Five industry associations have joined forces to propose a plan for European aviation to reach net-zero carbon dioxide (CO2) emissions by 2050.

The Destination 2050 – A Route to Net Zero European Aviation report outlines commitments that the region’s airlines, airports, aerospace manufacturers and air navigation service providers are willing to make towards that goal.

“Crucially, we now need policy-makers and regulators to align with us,” stated ACI Europe director general Olivier Jankovic during a briefing today.

The report’s proposals cover four key areas: aircraft and engine technologies; sustainable aviation fuels; economic measures; and air traffic management (ATM) and aircraft operations.

While the recommendations focus on the EU, the UK and the European Free Trade Area, Thomas Reynaert, the managing director of Airlines for Europe (A4E), points out that there would be many benefits – economic and otherwise – to Europe taking a global lead on the issue. 

Airline C02


The implementation of the plan would also better align the sector with broader environmental goals such as those under the Paris Agreement, according to Montserrat Barriga, director general of the European Regions Airline Association (ERA), and with the expectations of politicians and consumers around the industry’s commitment to addressing its environmental footprint.

Indeed, presenting the key findings of the report at the briefing, speakers were keen to stress that even amid the devastating impact of the Covid-19 crisis, the aviation industry recognises the urgent need to act on sustainability.

The industry faces a particular challenge, Reynaert notes, in that it has no readily available alternative to burning aviation fuel.

The associations are therefore keen for their recommendations to be swiftly adopted by the European Commission and national governments under an “EU Pact for Sustainable Aviation”, which they say should be agreed by the end of 2021.

That would ensure the necessary support – including financial input – and policy frameworks are in place to implement the plan.

The report outlines several areas that would contribute to the net-zero target, taking into account an assumption that European air passenger numbers grow on average by 1.4% a year between 2018 and 2050.


Improvements in aircraft and engine technologies could achieve a 37% reduction in the CO2 emissions projected for 2050 based on the aforementioned traffic scenario, it suggests.

By 2035, the report says that “highly efficient” propulsion systems could deliver 30% savings in terms of fuel consumption. At the same time, hydrogen-powered aircraft could begin to operate short-range, intra-European flights, theoretically cutting CO2 emissions by 100% versus services operated with current-generation technology.

Hybrid-electric rotorcraft and regional aircraft would also be contributing to emissions reductions by entering service between 2030 and 2035.

EU and national governments would support funding for research into, and the promotion of, carbon-removal technologies, the report says.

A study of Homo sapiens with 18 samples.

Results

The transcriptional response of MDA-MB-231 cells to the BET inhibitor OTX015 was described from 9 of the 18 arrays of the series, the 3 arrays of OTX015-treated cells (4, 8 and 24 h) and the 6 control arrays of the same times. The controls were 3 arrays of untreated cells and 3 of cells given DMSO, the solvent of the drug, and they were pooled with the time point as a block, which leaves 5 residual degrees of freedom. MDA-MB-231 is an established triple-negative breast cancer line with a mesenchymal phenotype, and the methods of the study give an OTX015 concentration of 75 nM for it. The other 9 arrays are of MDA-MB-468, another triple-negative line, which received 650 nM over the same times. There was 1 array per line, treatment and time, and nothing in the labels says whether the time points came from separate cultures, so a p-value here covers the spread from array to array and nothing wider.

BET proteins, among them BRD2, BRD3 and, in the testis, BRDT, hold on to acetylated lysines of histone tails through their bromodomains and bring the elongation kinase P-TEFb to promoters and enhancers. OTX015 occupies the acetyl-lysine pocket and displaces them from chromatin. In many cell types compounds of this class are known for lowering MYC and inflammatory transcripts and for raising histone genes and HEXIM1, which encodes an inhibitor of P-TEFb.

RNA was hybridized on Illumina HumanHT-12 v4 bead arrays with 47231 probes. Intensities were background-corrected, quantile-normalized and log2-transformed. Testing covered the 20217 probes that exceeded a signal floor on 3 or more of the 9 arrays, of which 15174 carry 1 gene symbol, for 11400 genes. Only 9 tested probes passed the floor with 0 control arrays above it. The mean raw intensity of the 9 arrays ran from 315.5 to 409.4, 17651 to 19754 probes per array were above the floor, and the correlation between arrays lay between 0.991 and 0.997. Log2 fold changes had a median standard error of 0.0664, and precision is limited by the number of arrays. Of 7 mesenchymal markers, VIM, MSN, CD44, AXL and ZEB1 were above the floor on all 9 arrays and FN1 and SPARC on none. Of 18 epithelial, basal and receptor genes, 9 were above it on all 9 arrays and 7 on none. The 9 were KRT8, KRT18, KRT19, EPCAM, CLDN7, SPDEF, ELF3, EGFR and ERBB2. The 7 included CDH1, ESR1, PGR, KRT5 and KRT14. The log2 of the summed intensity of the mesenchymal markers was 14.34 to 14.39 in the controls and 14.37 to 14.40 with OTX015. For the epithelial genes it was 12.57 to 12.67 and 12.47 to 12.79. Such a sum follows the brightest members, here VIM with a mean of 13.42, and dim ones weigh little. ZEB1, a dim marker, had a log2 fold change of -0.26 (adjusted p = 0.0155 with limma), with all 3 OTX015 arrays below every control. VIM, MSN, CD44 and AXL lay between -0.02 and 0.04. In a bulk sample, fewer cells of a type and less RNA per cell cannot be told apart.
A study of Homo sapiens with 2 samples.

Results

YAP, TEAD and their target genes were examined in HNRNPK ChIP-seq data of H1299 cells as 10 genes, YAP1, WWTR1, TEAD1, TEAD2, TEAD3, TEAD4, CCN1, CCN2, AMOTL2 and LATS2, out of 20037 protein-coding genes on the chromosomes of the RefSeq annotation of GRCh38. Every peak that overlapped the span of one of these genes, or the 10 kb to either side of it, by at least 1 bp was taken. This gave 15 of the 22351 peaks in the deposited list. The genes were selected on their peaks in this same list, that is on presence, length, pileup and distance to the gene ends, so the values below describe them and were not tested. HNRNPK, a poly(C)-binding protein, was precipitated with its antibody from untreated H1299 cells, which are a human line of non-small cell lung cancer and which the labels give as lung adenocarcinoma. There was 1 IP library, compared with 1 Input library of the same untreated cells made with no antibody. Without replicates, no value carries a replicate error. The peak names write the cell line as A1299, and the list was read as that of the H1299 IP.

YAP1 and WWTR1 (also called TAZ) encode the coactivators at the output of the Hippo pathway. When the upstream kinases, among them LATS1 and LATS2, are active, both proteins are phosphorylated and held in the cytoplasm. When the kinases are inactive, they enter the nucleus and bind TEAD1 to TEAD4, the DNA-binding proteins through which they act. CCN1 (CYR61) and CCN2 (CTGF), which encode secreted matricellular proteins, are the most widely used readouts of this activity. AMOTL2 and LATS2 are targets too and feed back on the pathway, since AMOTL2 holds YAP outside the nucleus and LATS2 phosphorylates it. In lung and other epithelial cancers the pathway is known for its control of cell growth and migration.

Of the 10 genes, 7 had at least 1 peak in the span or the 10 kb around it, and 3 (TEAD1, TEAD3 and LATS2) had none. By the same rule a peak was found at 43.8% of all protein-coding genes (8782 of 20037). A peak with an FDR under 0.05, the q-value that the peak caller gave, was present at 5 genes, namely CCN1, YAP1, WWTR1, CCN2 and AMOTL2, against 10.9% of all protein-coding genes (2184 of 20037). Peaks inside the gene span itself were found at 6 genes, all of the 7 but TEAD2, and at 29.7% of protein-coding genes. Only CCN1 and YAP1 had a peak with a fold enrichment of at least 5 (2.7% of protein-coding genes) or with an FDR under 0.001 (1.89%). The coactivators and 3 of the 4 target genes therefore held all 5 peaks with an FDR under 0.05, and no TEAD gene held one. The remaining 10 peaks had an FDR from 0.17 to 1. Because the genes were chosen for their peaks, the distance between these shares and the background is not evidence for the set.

Sustainable aviation fuels (SAF) are another crucial factor, with the report suggesting they could lead to an emissions reduction of 34% in 2050.

SAF could account for up to 83% of total fuel useage by 2050, according to the report. It notes, however, the challenges around achieving that scale of production and the current high cost of the fuel.

Economic measures – including emissions offset schemes such as the EU ETS and ICAO’s CORSIA – could achieve a reduction of 8%.

Improvements in air traffic management and aircraft operations could achieve a reduction of 6%, with the implementation of the Single European Sky initiative a key pillar of that.

The impact of the measures would have a negative affect on demand for air travel, the report acknowledges, including through higher ticket prices. In its own right, that lower demand contributes to the CO2 reduction target.

“The ball is now with the EU and the member states must now play their role,” Jankovic states. “We have no time to lose. The challenge is daunting.”

The five European aviation associations behind the report are A4E, ACI Europe, the ERA, the Aerospace and Defence Industries Association of Europe, and the Civil Air Navigation Services Organisation.

A4E and other associations have, in recent years, been seeking to take the initiative on sustainability, rather than leaving it to governments and regulators who have sometimes shown a preference for measures such as taxes on air fares.

Responding to the Destination 2050 report, the European Commission says it ”strongly welcomes the fact that major associations representing the European aviation value chain have come together to jointly produce this report.

“Once the sector has started recovering from the current crisis, decarbonising aviation will be the new societal license to grow for European aviation. We are committed to contribute to this by taking supportive measures at EU level and promote progress also internationally.”